We hear on today’s LeftAhead all about biking, foot-pushing-pedal variety. Guests Ken Fields and Cara Seiderman, the Czar and Czarina of biking in Cambridge, come on for some real expert discussion on promoting bikes in Massachusetts, especially inside Greater Boston. Ken leads the citizen-driven Cambridge biking committee, while Cara leads policy from the governmental side. The community-government partnership on biking in Cambridge easily points to why the city is one of the most successful in Massachusetts in terms of getting people to bike.
Biking being an extremely important and viable commuter alternative, the five of us (a LeftAhead Record) spent time on talking about why biking is important and how to get more people to do it. Biking’s not just for the bike nuts, all decked out in spandex (not that there’s anything wrong with that), but the people who just are sick of traffic and high gas prices and now find themselves biking a few days a week. With record gas prices and public transportation use, biking is finally gaining steam throughout this country.
According to Ken and Cara, the most important transformations to get biking viable in every city in this state is often times some of the easiest. For example, it’s as easy as a new paint job – some lines on the street indicating a bike lane is a good way to help drivers watch out for bikers, while promoting bikers to obey common traffic law.
We also discussed why biking is more successful internationally, from France to Montreal. All of these places have spent years promoting bikes for commuters and fostering good bike policy. Cities like Cambridge and even Boston are helping close that gap, but there’s still a long ways to go. In Europe, bikes and public transportation enjoy great synergy – bike racks on the busses allow people to seamlessly go from bike to bus to bike again to get around, making biking as quick as riding a car, without the hassle of finding a parking space or getting stuck in traffic. The MBTA is falling suit, with bike racks on many lines throughout the city, but there’s more work to be done before everyone can and will take advantage of such programs.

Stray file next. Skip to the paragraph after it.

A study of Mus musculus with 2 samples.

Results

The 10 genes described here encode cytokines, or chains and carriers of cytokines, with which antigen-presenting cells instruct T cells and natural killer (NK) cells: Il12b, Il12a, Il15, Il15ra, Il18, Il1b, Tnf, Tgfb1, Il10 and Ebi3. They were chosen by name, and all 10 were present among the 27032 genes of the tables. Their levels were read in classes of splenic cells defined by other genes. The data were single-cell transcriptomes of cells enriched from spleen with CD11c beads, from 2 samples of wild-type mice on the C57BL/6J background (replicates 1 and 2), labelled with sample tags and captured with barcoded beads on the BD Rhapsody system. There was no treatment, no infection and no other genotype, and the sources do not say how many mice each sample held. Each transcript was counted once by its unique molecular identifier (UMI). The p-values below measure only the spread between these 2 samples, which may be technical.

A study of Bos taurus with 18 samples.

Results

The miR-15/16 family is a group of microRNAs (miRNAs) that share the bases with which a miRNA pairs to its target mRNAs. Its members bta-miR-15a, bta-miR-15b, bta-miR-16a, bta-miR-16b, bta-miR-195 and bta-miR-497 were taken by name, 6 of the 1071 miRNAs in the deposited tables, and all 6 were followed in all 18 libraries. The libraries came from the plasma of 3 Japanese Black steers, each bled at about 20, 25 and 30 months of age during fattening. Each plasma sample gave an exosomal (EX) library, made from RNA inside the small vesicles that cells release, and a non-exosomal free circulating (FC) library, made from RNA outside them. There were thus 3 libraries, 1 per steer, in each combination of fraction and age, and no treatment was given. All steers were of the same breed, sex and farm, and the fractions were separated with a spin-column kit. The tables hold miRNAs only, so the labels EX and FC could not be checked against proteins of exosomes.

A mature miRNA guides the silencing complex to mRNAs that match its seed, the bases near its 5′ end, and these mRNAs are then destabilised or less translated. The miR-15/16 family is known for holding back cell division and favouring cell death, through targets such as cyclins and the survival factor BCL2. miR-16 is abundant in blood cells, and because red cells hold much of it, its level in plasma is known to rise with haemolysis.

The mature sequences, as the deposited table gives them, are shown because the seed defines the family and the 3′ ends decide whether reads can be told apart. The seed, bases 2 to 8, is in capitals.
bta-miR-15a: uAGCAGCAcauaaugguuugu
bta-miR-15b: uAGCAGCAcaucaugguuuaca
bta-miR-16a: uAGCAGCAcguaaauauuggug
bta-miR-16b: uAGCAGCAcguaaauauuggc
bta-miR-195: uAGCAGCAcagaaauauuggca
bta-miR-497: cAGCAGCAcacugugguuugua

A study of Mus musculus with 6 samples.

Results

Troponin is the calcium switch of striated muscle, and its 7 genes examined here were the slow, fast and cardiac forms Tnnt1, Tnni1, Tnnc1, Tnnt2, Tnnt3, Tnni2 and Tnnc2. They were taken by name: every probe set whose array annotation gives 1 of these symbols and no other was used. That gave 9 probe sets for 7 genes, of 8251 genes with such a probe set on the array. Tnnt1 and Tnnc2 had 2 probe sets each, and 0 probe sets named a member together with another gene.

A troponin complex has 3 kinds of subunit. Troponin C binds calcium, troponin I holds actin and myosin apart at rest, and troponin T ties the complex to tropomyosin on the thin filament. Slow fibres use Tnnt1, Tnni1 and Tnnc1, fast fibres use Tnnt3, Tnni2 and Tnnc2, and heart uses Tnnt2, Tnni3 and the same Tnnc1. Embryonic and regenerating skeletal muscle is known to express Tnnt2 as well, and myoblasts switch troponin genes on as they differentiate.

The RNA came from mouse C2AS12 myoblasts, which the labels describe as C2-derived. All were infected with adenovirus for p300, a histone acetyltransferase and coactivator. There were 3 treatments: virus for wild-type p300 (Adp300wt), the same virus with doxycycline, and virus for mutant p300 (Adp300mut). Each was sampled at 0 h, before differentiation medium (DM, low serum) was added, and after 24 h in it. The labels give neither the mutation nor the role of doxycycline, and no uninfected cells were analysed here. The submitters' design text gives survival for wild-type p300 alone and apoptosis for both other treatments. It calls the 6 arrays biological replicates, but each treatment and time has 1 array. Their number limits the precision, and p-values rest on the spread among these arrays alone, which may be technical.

However, in the grand scheme of things, biking becoming one of the most common ways of community seems inevitable. Of course, biking is one of the few means of travel that does no harm to the atmosphere – so there’s a real good people can do by pedaling their feet rather than putting their feet to the pedal. And, given that most people only commute within a few miles of home most of the time, it’s often the perfect option, especially when combined with public transportation. In those cases, not only is biking as nearly as quick as driving (and parking), but it’s also a good opportunity to fit that exercise in your busy schedule, doing two things at once. Furthermore, the more people who bike, the better and safer the road is for everyone, says Ken and Cara.
Ken’s committee does a lot of work to promote biking, from billboards to free bike tours around Cambridge. Clearly, his city is clearly cutting edge on biking in America, which is something the city hopes to replicate throughout the area and beyond. People don’t have to do it every day, or in the snow, or when there’s bundles, but riding a bike when possible is a good way to stay fit, do your part for the environment, make the roads safer and save a lot of money all at the same time. The more people who do it, the more politicians will pay attention – meaning better biking policy, which will in turn lead to more bikers, leading to even better policy and so on.